Preparing for chemical weapons destruction

By Ms. Angela Messinger (CMA)May 2, 2019

Preparing for chemical weapons destruction
1 / 3 Show Caption + Hide Caption – Michael Tanner (left), Blue Grass Chemical Activity inventory specialist, transfers custody of training weapons to Justin Harris (right), Blue Grass Chemical Agent-Destruction Pilot Plant contract employee, during a joint training exercise in the che... (Photo Credit: U.S. Army) VIEW ORIGINAL
Preparing for chemical weapons destruction
2 / 3 Show Caption + Hide Caption – Jonathan Strunk (left) and Timothy McClish (right), Blue Grass Chemical Activity toxic materials handlers, use straps to secure munitions onto a pallet during munitions movement training while Nichole Mego (center), BGCA inventory specialist, observe... (Photo Credit: U.S. Army) VIEW ORIGINAL
Preparing for chemical weapons destruction
3 / 3 Show Caption + Hide Caption – Jonathan Strunk (left) and James Nunn (right), Blue Grass Chemical Activity toxic materials handlers, work together to guide training munitions into an enhanced on-site container during munitions movement training in the chemical limited area at the ... (Photo Credit: U.S. Army) VIEW ORIGINAL

Blue Grass Chemical Activity (BGCA) is actively preparing to support the demilitarization of chemical weapons, which is scheduled to begin this summer at the Blue Grass Chemical Agent-Destruction Pilot Plant (BGCAPP) at Blue Grass Army Depot, Kentucky.

The Blue Grass Army Depot (BGAD) houses one of two remaining chemical weapons storage sites in the United States. BGCA stores and monitors structures that contain over 101,000 chemical munitions scheduled for destruction. These weapons include nerve agents GB and VX and the mustard agent H.

As a party to the Chemical Weapons Convention (CWC), the United States has committed to chemically disarm by destroying any stockpiles of chemical weapons along with facilities that produce them. The CWC came into force in 1997 and the treaty currently has 193 state parties.

"We have been steadily working toward supporting the upcoming demilitarization operation at BGCAPP," said David Velazquez, chemical operations director. "We have moved into the final phase of training, which is joint training with BGCAPP personnel to move the weapons from storage to the plant for destruction."

The loading and custody transfer of the chemical munitions for movement to the plant is a key responsibility of the activity. BGCA must ensure the munitions are removed from storage, properly strapped down onto pallets and safely loaded onto a munitions transport vehicle called an enhanced on-site container (EONC).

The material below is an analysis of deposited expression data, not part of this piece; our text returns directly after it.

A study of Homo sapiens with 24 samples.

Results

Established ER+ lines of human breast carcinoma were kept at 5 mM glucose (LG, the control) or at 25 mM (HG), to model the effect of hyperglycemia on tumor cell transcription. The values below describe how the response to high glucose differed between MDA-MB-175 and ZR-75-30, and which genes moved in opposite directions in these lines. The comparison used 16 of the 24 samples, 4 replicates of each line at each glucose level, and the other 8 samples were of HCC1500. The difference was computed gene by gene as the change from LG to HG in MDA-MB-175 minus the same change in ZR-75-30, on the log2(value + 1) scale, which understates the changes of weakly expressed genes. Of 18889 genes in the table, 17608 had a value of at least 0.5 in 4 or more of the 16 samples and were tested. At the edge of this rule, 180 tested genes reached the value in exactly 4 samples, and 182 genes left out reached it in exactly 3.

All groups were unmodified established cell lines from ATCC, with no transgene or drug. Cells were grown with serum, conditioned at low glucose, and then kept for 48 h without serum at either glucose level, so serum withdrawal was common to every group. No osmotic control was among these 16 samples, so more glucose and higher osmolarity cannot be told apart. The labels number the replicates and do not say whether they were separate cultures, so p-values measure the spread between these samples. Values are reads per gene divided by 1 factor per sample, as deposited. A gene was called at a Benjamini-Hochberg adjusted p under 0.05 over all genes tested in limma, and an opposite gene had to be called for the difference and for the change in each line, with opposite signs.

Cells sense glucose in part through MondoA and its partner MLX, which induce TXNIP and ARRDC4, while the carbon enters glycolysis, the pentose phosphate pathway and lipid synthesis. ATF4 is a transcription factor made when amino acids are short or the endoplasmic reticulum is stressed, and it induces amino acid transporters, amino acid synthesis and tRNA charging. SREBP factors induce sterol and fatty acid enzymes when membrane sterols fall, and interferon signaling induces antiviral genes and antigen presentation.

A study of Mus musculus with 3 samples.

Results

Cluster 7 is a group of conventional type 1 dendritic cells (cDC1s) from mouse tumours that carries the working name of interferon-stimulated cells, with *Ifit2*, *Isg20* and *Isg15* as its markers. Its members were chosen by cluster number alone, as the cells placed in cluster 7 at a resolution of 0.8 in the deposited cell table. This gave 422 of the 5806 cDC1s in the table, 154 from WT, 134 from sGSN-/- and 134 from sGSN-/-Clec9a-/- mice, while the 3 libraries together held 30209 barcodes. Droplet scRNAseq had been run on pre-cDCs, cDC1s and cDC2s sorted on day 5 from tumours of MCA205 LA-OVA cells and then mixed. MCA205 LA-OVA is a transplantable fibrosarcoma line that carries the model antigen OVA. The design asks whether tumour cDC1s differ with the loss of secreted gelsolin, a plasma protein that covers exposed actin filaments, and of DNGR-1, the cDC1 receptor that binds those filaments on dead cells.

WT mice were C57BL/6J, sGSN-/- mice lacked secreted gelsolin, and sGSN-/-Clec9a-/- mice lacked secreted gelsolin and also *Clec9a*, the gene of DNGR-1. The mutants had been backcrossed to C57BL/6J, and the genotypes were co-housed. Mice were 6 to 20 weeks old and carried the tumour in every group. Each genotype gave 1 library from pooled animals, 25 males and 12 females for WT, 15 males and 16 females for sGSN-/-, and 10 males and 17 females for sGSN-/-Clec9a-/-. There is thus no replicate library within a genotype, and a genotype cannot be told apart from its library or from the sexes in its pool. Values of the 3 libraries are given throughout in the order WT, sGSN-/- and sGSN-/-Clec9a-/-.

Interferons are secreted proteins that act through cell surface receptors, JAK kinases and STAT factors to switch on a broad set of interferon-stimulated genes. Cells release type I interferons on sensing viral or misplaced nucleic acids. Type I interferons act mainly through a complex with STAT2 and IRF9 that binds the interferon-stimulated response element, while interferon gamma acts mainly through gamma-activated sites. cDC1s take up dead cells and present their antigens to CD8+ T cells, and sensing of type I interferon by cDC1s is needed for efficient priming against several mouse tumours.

"This operation requires a variety of personnel, about 20, to make sure everything runs smoothly and that we follow procedures," said John Robbins, field operations division chief for BGCA. "We have toxic materials handlers, forklift operators, chemical accountability management personnel, surety specialists, quality assurance specialists (ammunition surveillance) and supervisors working together to ensure everything is properly executed."

The chemical operations crew has been training on munitions transfer and movement in conjunction with BGCAPP since 2017. The process is relatively straightforward. The storage igloo is monitored with a real-time analytical platform that will detect agent if it is in the ambient air. Once the operator ensures the igloo is safe for crews to enter, they set up a decontamination station outside the igloo in case anyone comes into contact with agent. Though this has never occurred at BGCA, the safety and well-being of the workforce, community and environment is always the first consideration in conducting chemical operations.

Personnel unlock and enter the igloo to perform initial visual checks before the plan is executed. Once the all clear is given, a crew member drives a forklift into the igloo to retrieve the weapons and move them onto the apron. More crew members use straps to secure the weapons to the pallets according to Defense Ammunition Center procedures. Meanwhile, the worker responsible for the accountability of the weapons transfers custody to BGCAPP personnel.

Once these tasks are complete, the forklift driver loads the pallet of chemical weapons into an EONC with the help of ground guides. An EONC is an enclosed, seal-tested container used to transport the munitions from storage to the destruction facility. BGCAPP personnel close the EONC door and drive a short distance to perform a seal test. After a successful seal test, they drive the EONC to BGCAPP to unload the weapons into munitions storage areas at the plant.

The mustard munitions are scheduled to be destroyed first, followed by the nerve agent weapons. BGCAPP is slated to complete the destruction of the chemical weapons stored at BGAD in 2023.